A hand fracture
is a break in one of the bones in your child's hand. These include the bones in the wrist and fingers, and those that connect the wrist to the fingers. A hand fracture may be caused by twisting or bending the hand in the wrong way. It may also be caused by a fall, a crush injury, or a sports injury.
Common signs and symptoms of a hand fracture include the following:
- Pain or tenderness
- Swelling or bruising in the hand
- Problems moving the hand
- Abnormal bump, or abnormal shape of your child's hand
- Knuckle bone looks sunken in
Seek care immediately if:
- Your child has severe pain that does not get better with pain medicine.
- Your child says his or her splint or cast feels too tight.
- Your child's cast or splint gets wet, damaged, or comes off.
- Your child's hand or forearm is cold, numb, or pale.
- Your arm feels warm, tender, and painful. It may look swollen and red.
Contact your child's healthcare provider if:
- Your child has new sores around his or her brace, cast, or splint.
- You notice a bad smell coming from under your child's cast.
- You have questions or concerns about your child's condition or care.
- A cast or splint may be placed on your child's hand, wrist, and lower arm. It will prevent movement and help his or her hand heal.
- NSAIDs , such as ibuprofen, help decrease swelling, pain, and fever. This medicine is available with or without a doctor's order. NSAIDs can cause stomach bleeding or kidney problems in certain people. If your child takes blood thinner medicine, always ask if NSAIDs are safe for him. Always read the medicine label and follow directions. Do not give these medicines to children under 6 months of age without direction from your child's healthcare provider.
- Acetaminophen decreases pain and fever. It is available without a doctor's order. Ask how much you should give your child and how often to give it. Follow directions. Acetaminophen can cause liver damage if not taken correctly.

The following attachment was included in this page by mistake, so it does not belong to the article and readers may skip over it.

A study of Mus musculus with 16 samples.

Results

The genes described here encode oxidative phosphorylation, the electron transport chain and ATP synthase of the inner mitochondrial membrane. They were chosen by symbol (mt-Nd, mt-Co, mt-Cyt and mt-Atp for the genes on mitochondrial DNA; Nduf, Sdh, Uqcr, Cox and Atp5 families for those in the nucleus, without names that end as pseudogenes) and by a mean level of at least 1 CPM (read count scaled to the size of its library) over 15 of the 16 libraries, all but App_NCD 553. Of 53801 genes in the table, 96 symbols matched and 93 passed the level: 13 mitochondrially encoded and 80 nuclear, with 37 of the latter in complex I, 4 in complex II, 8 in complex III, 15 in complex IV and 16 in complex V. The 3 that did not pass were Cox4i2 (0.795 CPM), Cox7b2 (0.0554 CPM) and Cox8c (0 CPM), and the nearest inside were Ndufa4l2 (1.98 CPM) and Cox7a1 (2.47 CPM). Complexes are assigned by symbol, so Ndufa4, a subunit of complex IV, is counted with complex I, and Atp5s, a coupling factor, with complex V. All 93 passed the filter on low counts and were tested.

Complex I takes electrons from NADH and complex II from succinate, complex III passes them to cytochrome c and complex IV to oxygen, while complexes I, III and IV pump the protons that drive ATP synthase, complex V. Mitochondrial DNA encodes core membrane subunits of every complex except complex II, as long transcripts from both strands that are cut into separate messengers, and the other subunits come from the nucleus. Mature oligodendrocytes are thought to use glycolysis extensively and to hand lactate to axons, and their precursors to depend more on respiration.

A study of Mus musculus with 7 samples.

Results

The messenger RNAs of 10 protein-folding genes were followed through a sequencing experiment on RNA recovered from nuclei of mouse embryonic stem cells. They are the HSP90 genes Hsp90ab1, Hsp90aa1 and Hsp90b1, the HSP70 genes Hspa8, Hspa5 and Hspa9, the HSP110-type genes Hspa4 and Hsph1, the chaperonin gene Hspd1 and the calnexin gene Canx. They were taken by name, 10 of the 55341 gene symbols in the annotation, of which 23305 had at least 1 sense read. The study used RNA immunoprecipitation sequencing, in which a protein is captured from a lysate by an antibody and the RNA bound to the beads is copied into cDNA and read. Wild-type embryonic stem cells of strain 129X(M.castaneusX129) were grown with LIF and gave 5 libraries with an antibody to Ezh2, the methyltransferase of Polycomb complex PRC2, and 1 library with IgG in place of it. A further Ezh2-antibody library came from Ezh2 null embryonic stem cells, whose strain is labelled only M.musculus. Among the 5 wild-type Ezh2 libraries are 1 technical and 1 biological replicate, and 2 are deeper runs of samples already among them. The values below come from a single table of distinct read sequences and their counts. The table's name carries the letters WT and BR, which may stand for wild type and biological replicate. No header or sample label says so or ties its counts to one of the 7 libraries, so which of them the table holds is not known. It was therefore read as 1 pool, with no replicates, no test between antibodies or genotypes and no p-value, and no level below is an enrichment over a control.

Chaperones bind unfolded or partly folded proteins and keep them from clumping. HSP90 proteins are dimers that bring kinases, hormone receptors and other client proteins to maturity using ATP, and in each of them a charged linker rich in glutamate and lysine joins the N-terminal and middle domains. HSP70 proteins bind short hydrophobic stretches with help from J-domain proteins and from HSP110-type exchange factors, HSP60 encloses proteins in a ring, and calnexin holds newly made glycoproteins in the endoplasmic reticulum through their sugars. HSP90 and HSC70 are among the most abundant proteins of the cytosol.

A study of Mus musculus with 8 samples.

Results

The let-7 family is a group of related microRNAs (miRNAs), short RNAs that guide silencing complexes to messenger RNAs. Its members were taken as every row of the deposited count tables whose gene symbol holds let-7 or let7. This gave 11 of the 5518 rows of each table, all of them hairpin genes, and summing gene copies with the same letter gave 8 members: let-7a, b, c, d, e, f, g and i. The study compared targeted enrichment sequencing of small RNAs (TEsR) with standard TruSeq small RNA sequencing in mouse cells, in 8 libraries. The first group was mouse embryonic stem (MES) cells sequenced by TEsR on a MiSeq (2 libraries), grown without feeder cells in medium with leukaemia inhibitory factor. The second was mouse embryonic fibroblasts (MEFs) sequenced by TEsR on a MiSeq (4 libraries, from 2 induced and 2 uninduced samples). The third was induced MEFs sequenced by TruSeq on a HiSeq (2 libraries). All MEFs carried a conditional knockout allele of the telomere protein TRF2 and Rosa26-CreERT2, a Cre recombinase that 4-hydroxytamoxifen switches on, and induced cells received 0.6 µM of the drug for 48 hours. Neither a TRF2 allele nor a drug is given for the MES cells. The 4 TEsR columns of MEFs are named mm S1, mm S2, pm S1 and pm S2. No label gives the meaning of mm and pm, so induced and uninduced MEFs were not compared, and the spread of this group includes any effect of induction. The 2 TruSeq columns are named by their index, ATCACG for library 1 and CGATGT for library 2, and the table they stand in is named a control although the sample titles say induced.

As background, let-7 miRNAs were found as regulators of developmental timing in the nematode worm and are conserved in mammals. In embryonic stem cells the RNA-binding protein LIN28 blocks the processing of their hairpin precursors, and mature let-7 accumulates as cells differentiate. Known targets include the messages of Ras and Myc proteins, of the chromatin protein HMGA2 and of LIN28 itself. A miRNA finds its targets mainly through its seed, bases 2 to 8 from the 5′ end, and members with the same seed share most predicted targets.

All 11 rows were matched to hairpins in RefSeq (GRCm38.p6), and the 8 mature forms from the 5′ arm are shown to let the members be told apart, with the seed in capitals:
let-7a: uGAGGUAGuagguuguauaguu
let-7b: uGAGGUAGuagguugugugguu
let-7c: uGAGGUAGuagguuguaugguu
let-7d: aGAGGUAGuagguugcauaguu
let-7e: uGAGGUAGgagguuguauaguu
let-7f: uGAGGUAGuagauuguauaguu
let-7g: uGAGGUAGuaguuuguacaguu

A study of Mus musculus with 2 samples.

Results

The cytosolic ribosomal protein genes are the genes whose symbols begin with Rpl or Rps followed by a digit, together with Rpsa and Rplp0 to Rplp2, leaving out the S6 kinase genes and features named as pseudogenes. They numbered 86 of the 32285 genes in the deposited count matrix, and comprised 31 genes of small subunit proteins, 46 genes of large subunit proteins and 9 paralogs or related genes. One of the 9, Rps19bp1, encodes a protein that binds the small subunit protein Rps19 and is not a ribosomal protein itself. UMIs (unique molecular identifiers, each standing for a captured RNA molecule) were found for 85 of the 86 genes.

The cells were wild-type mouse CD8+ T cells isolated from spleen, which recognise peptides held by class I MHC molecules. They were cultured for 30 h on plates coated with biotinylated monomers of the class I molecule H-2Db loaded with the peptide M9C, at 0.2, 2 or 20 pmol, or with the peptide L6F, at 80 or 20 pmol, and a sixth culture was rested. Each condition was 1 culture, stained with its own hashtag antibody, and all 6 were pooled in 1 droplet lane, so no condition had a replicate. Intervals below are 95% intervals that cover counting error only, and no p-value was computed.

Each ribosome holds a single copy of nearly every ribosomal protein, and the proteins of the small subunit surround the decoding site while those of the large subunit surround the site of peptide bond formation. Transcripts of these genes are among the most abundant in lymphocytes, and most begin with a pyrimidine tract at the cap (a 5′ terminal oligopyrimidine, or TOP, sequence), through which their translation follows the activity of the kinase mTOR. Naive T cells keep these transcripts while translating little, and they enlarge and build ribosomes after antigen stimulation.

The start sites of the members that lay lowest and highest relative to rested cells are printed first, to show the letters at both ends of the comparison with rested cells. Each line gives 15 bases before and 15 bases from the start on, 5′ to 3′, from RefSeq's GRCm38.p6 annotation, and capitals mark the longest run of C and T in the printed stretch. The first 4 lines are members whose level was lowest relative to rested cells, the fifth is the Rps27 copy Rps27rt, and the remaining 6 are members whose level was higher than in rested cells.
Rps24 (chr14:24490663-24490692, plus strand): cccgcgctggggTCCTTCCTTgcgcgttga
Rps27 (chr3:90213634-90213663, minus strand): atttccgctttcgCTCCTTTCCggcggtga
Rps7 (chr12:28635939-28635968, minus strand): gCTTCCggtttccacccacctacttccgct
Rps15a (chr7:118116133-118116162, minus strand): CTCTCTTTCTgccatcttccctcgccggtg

- Prescription pain medicine may be given. Ask how to give this medicine to your child safely.
- Closed reduction may be done to put your child's bones back into the correct position without surgery.
- Open reduction surgery may be needed to put your child's bones back into the correct position. This may include the use of special wires, pins, plates or screws. These help keep the broken pieces lined up so your child's hand can heal correctly.
Manage your child's symptoms:
- Apply ice on your child's hand for 15 to 20 minutes every hour or as directed. Use an ice pack, or put crushed ice in a plastic bag. Cover it with a towel before you apply it to your child's skin. Ice helps prevent tissue damage and decreases swelling and pain.
- Elevate your child's hand above the level of his or her heart as often as you can. This will help decrease swelling and pain. Prop your child's hand on pillows or blankets to keep it elevated comfortably.
Follow up with your child's healthcare provider or hand specialist as directed:
Your child may need to return to have his or her cast, splint, or stitches removed. Write down your questions so you remember to ask them during your visits.
Always consult your healthcare provider to ensure the information displayed on this page applies to your personal circumstances.